As the winter season wraps London in its chilly embrace, the city’s art scene remains vibrantly alive, showcasing exhibitions from some of the most renowned .ART adopters. These exhibitions not only highlight the artists’ physical works but also underscore the importance of their digital presence in today’s interconnected world.
Marina Abramović at the Royal Academy of Arts
Marina Abramović’s retrospective at the Royal Academy of Arts (London), open till January 1st, 2024, is a historic event, marking the first time a female artist has been honored in such a manner by the institution. Documenting her performances since the 1970s, the exhibition showcases Abramović’s journey, where she has often risked her well-being to test the extremes of human endurance. Her work transcends the label of performance art, challenging both the artist and the audience with its raw confrontational power. The Marina Abramović Institute (MAI), with its digital presence at www.mai.art, mirrors this ethos by preserving the history of performance art and fostering new explorations in immaterial art forms.
El Anatsui at Tate Modern
El Anatsui’s “Behind the Red Moon” at Tate Modern in London (on display till April 14th, 2024) is a monumental testament to the transformative power of art. His sculptural installations, created from thousands of metal bottle tops, weave together narratives of history, trade, and encounter. The Ghanaian sculptor’s work, officially represented online at www.elanatsui.art, is a dance of color, shape, and texture that invites viewers to reflect on the complex interplay between Africa and Europe, between past and present. Anatsui’s installations are not just visually stunning; they are a dialogue with the material itself, revealing the spiritual and physical properties that challenge our perceptions of traditional sculpture.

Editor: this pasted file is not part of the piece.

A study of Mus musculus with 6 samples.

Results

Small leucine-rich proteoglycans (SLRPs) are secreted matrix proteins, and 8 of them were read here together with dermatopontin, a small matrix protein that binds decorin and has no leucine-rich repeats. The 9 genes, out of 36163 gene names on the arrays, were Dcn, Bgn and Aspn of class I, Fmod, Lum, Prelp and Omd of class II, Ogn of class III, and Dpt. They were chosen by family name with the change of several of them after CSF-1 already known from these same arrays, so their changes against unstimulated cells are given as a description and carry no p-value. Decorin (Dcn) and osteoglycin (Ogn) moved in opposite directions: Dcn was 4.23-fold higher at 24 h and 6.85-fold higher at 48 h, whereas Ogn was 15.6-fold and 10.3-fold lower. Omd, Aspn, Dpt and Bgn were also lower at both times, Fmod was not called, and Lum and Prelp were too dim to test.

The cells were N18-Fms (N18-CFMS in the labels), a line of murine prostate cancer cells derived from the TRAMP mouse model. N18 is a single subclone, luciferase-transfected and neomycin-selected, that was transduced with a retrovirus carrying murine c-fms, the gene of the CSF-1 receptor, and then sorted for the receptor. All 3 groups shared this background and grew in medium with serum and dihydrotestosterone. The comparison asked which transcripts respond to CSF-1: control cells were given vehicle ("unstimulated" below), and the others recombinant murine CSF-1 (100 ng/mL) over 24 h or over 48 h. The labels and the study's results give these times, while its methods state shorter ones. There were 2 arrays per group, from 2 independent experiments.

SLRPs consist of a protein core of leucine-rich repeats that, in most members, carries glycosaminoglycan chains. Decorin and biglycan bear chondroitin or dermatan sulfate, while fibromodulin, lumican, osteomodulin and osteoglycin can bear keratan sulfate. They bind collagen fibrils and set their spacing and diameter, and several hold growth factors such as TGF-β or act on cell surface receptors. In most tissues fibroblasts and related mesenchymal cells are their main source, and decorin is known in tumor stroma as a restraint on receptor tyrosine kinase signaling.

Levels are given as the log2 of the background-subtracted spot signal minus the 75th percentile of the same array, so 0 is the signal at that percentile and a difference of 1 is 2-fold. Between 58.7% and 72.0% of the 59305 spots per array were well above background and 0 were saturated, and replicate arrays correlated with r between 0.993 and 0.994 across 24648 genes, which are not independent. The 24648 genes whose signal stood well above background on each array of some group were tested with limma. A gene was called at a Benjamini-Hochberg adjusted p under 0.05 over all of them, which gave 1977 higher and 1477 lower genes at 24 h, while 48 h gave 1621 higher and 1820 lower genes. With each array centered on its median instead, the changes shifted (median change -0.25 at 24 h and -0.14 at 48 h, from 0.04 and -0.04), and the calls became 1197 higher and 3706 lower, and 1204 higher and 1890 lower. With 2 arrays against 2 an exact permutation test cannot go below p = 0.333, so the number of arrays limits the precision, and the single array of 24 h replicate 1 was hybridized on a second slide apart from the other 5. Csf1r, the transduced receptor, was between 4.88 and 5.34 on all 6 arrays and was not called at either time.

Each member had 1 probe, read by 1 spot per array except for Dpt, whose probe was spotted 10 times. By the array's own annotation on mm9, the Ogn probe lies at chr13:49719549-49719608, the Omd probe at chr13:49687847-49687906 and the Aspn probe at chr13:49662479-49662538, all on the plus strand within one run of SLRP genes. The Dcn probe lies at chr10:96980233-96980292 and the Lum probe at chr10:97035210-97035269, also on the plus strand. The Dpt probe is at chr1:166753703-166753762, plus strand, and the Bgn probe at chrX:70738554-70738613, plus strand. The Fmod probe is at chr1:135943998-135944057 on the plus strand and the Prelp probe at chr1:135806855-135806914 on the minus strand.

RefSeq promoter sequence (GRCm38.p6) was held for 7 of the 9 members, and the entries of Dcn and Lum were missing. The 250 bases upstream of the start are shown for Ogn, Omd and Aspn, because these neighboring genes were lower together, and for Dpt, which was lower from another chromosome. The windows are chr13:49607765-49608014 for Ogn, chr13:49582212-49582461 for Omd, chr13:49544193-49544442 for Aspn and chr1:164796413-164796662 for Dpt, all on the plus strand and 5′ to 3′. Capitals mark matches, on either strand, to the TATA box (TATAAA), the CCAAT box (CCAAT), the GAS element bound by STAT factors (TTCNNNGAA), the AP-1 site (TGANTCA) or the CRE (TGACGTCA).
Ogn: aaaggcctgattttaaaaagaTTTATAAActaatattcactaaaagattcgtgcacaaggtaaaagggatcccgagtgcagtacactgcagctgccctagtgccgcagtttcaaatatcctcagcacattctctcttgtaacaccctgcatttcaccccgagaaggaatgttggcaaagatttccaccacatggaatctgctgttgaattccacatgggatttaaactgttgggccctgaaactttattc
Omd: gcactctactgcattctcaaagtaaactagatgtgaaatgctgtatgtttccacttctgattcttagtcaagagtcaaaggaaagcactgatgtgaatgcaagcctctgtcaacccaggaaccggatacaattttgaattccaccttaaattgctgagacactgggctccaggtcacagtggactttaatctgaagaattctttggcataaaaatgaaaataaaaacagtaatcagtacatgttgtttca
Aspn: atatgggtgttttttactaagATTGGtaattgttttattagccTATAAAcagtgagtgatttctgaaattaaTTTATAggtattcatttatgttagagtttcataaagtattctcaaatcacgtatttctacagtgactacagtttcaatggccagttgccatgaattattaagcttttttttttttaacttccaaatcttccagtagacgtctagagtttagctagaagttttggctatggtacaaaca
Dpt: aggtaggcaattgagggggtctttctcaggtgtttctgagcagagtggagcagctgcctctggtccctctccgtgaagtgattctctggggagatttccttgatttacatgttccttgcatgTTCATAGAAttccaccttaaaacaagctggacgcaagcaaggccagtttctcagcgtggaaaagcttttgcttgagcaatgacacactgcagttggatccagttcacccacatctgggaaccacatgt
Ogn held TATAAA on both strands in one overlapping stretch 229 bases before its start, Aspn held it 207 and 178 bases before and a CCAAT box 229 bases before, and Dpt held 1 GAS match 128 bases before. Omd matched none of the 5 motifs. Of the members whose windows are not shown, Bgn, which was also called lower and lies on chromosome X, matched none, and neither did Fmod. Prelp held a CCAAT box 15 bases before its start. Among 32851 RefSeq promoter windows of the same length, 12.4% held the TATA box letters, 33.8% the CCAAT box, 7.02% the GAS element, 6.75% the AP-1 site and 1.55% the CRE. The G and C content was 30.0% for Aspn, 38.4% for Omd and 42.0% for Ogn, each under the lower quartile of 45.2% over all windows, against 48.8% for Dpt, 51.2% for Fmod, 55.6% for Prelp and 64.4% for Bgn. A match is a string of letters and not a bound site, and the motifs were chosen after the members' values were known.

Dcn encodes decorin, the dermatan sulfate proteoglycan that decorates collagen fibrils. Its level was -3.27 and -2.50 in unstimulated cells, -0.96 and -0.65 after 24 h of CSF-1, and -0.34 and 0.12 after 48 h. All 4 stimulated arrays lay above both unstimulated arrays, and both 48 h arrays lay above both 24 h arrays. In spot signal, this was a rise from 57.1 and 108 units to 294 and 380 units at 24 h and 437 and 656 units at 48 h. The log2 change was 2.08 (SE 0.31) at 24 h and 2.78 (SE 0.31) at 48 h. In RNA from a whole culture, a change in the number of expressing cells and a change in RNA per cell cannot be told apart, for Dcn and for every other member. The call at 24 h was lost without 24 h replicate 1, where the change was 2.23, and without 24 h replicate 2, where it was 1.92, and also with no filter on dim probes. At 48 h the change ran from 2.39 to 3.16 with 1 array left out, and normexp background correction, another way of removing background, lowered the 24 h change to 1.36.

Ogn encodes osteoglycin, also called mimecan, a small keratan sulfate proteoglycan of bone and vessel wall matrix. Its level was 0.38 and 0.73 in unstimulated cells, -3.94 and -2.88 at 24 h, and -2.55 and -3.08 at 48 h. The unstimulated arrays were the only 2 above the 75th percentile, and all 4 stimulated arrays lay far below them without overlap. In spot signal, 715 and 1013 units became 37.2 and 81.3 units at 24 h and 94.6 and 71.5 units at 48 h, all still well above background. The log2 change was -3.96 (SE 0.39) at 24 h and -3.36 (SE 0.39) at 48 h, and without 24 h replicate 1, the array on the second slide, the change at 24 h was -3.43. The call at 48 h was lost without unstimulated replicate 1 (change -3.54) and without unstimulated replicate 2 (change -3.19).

Matt Collishaw at Kew Gardens
Matt Collishaw’s exhibition “Petrichor” at the Shirley Sherwood Gallery of Botanical Art in Kew Gardens is a fusion of art and nature, running till April 2024. Collishaw, a key figure among the Young British Artists, presents a series of works that explore the intricate dance between the natural world and its artistic depiction. The highlight of the exhibition is “Heterosis,” a dynamic NFT collection that allows for the creation of digital flowers, reflecting the speculative intrigue of the 17th-century tulip mania. This innovative project is featured on www.og.art, a platform that revolutionizes art collection by offering dynamic NFTs that evolve over time. Here, art is not static but a living entity that invites continuous interaction, symbolizing the ever-growing connection between art, technology, and community.